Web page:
In-vivo first metatarsophalangeal joint mechanics following cheilectomy: MRI and gait alterations
© Nawoczenski et al; licensee BioMed Central Ltd. 2008
Published: 26 September 2008
Cheilectomy surgery has been shown to provide pain relief for patients with hallux rigidus , however limited data exists regarding the effectiveness of this surgery in re-establishing normal first metatarsophalangeal (1st MTP) joint kinematics. A recent dynamic gait study has reported only modest improvement in 1st MTP motion following surgery, thus implicating the persistence of altered joint mechanics . The purpose of this study was to evaluate in vivo joint motion changes using MRI under 1st MTP loaded conditions in patients who received cheilectomy surgery. These data were compared to dynamic alterations during gait measured in a second cohort of subjects who previously underwent surgery.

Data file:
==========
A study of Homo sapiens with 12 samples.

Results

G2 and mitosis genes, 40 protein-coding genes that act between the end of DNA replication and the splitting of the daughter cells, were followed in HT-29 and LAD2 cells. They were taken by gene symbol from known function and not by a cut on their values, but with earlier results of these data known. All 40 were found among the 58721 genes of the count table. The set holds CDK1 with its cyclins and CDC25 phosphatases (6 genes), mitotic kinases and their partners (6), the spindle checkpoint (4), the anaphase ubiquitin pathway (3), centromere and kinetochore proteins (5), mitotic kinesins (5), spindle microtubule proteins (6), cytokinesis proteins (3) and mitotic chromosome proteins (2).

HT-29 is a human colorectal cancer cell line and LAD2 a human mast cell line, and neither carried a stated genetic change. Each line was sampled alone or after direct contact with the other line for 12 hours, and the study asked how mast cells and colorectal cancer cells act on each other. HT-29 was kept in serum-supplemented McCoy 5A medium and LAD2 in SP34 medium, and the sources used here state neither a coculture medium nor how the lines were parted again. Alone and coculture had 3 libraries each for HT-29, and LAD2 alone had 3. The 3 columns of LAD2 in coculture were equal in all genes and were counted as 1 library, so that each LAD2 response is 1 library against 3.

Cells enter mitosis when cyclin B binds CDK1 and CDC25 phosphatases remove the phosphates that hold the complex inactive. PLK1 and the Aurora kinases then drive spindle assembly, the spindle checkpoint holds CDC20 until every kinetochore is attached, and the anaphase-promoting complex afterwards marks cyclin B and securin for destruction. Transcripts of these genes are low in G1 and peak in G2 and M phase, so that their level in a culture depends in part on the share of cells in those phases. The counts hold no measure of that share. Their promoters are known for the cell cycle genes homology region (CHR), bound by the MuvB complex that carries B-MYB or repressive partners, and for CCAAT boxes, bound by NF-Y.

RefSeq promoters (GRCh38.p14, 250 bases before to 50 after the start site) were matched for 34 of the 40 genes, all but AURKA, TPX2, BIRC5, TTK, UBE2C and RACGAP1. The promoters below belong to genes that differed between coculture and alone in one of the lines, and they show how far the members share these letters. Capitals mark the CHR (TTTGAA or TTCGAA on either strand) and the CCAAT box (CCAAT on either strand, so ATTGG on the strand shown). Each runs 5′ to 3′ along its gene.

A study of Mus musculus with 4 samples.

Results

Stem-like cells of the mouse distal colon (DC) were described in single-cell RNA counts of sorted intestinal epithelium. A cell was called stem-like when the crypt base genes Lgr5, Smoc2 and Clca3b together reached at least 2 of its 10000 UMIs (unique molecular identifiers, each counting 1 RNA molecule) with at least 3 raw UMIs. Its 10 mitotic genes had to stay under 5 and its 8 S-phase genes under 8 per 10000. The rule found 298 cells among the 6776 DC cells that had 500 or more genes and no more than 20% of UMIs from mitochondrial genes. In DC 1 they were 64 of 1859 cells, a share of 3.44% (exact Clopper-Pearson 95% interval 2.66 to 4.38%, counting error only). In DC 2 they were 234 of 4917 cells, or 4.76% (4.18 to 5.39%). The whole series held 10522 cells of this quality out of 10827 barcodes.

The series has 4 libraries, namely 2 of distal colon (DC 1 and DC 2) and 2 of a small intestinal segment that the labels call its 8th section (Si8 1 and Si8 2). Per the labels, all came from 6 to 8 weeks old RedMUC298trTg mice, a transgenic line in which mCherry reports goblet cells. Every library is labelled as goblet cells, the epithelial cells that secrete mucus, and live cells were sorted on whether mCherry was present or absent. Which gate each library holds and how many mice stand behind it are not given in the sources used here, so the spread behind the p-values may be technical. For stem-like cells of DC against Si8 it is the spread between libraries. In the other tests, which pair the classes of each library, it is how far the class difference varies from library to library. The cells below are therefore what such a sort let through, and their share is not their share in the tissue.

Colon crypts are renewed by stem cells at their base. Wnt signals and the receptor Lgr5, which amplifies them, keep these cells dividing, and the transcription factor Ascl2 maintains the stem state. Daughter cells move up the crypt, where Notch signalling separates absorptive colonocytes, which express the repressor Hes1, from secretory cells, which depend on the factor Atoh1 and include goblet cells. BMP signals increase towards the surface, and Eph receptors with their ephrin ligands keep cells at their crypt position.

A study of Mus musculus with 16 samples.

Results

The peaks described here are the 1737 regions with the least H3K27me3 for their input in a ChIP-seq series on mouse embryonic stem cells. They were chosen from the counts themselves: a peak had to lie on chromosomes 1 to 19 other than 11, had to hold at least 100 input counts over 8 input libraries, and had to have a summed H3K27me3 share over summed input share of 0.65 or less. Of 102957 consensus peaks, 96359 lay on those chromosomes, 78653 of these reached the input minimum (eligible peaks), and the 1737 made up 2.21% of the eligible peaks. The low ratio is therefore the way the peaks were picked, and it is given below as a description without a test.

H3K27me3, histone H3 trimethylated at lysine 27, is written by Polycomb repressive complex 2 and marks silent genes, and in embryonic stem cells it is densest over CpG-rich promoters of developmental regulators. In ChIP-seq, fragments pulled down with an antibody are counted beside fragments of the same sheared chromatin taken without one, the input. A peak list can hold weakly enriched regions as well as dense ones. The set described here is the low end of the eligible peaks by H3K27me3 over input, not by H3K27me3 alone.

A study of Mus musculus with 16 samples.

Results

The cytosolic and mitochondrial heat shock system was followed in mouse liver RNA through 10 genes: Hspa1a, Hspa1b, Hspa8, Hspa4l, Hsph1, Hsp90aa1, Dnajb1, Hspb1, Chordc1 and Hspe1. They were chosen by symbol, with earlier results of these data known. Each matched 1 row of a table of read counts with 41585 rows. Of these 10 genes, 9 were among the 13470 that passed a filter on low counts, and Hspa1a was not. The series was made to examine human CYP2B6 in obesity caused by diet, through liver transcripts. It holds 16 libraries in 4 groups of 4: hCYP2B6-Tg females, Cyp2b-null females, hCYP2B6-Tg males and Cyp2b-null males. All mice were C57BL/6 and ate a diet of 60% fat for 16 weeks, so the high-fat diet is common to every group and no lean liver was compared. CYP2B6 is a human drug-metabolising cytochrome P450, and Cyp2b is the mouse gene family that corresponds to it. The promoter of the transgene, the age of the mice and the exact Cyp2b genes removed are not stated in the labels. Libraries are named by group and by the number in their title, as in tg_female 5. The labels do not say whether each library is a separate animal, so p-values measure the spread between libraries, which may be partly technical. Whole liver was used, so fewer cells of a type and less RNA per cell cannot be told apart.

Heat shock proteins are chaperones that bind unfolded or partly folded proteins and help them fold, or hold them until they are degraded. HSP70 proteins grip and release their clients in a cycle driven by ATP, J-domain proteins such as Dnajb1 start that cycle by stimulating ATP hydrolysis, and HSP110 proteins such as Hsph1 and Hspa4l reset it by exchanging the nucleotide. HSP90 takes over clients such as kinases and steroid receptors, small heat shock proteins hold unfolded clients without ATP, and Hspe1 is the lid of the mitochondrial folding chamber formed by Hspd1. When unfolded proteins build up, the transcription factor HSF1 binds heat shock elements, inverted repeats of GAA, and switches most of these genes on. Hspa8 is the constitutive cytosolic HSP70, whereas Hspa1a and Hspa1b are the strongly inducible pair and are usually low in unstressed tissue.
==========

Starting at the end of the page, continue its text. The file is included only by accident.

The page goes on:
20 subjects were enrolled for the MRI analysis. Pre- and post-operative data of 10 subjects with hallux rigidus (HR) were compared to a healthy control group of 10 subjects. Using a validated loading harness, all subjects underwent an MRI evaluation at varying angles of 1st MTP dorsiflexion, pre and post surgery (>3 months). Image J software was used to derive MRI measurements: 1st MTP dorsiflexion, instant centers of rotation, and sagittal translations of the proximal phalanx/1st metatarsal. Outcome measures were assessed using the Foot Function Index (FFI). MRI changes were compared to 3D gait analysis previously acquired on a second cohort of 20 surgical subjects using a magnetic tracking device.
All subjects had a significant decrease in FFI scores indicating an improvement in pain relief and function (p < .01).
Controls, Pre- and post-op MRI values
1 st MTP dorsiflexion
35.0° ± 8.8°
31.3° ± 10.0
64.4° ± 7.8°
8.9 ± 1.3 mm
8.6 ± 1.6 mm
4.2 ± 0.6 mm
1.6 ± 0.8 mm
1.5 ± 0.7 mm
5.5 ± 0.9 mm
Joint mechanics are significantly altered in patients with hallux rigidus. Although cheilectomy resulted in favorable outcomes as measured by FFI scores, surgery did not re-establish normal 1st MTP joint kinematics. Long term follow up of these patients will determine if altered kinematics lead to progressive arthritis over time and may suggest alternative intervention strategies.